Marketing green products

MARTIN MOLL, Head of Marketing Honda UK explains how he markets eco-markets and how this can apply to any number of other manufacturing industries and when it comes to selling green products, the car industry is ahead of most.



This problem is particularly prevalent in the car market. Eco cars, particularly hybrids, have a reputation for being sluggish. Honda has a hard-earned racing heritage, and in promoting our cars as being environmentally friendly, we ran the risk of tarnishing that brand image.


To combat this, Honda created a new class of vehicle – the sports hybrid. In a nutshell, it’s a vehicle that makes use of a hybrid engine but without the low performance that many associate with hybrids. The success of the CR-Z, our sports hybrid, doesn’t necessarily lie in the number of cars it sold. Importantly, the CR-Z was a way of changing perceptions of hybrids in general, proving that hybrids can be fun. We went after the most hardened petrolheads, and managed to win over Jeremy Clarkson, who gave it a four star review (“so cool, no-one will know it runs on lentils”). We went to great pains to demonstrate that improved efficiency didn’t come from a puny engine – it came from a better gear box, an engine that knows to switch itself off when it’s not needed and an aerodynamic bodyshape. As a result, Honda went some way towards changing the perception that more efficient equals slower.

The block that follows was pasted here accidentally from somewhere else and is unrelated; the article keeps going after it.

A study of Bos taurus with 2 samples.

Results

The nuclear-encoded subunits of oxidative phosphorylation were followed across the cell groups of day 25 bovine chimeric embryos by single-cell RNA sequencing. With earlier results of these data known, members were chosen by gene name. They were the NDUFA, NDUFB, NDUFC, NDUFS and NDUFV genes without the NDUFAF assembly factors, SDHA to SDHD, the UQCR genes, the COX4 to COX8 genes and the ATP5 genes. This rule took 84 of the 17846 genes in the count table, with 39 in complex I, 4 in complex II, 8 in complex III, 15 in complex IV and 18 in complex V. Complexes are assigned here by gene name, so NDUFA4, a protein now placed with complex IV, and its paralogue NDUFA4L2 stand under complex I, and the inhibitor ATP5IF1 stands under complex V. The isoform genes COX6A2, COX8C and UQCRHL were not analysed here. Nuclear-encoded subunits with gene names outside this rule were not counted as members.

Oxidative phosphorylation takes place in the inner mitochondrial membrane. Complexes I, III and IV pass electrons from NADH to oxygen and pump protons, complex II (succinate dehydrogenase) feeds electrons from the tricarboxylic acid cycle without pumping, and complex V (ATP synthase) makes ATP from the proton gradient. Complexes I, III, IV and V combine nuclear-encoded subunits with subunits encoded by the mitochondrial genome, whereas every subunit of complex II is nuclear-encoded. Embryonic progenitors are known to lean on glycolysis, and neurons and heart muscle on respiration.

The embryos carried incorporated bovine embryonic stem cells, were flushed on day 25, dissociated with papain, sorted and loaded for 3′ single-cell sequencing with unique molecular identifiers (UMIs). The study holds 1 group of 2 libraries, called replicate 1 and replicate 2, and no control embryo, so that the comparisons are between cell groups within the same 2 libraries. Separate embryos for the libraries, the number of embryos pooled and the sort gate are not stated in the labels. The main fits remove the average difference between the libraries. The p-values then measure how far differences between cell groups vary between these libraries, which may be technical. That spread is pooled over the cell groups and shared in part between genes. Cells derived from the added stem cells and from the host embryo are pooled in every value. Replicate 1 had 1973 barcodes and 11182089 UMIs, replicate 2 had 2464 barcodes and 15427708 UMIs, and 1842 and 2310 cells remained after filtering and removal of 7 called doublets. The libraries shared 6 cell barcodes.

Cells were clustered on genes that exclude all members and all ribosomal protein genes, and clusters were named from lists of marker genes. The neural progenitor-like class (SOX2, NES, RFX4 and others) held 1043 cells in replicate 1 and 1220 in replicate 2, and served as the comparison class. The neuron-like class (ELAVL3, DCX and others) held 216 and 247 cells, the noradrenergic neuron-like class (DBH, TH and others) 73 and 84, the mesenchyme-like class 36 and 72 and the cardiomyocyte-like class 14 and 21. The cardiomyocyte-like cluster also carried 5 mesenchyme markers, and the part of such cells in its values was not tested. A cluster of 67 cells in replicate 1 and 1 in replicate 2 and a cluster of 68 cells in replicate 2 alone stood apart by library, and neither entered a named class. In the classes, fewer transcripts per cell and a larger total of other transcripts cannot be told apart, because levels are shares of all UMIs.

How does this apply to other markets? The theory is simple: put your money where your mouth is, and prove to your customers and influencers that your products can be efficient without compromise. Ideally, you’ll have a product that demonstrates that, but if you don’t have a “halo” product (one that shines a light on the rest of your range) then make sure that your existing ones carry the right messages and be prepared to explain how you’ve made it more efficient. Be transparent – if energy savings haven’t come from decreased performance, where have they come from? Don’t be afraid to shout about the technical innovations that have helped you improve efficiency – otherwise, consumers will assume that you’ve had to make sacrifices.


We still face big challenges and we’re still some way to having zero-emission cars on the road (we see hybrids as a step towards this), but with vehicles such as the production ready FCX Clarity (Honda’s hydrogen powered car), we’re on the way to achieving this and proving that vehicles do not need to compromise in order to be efficient.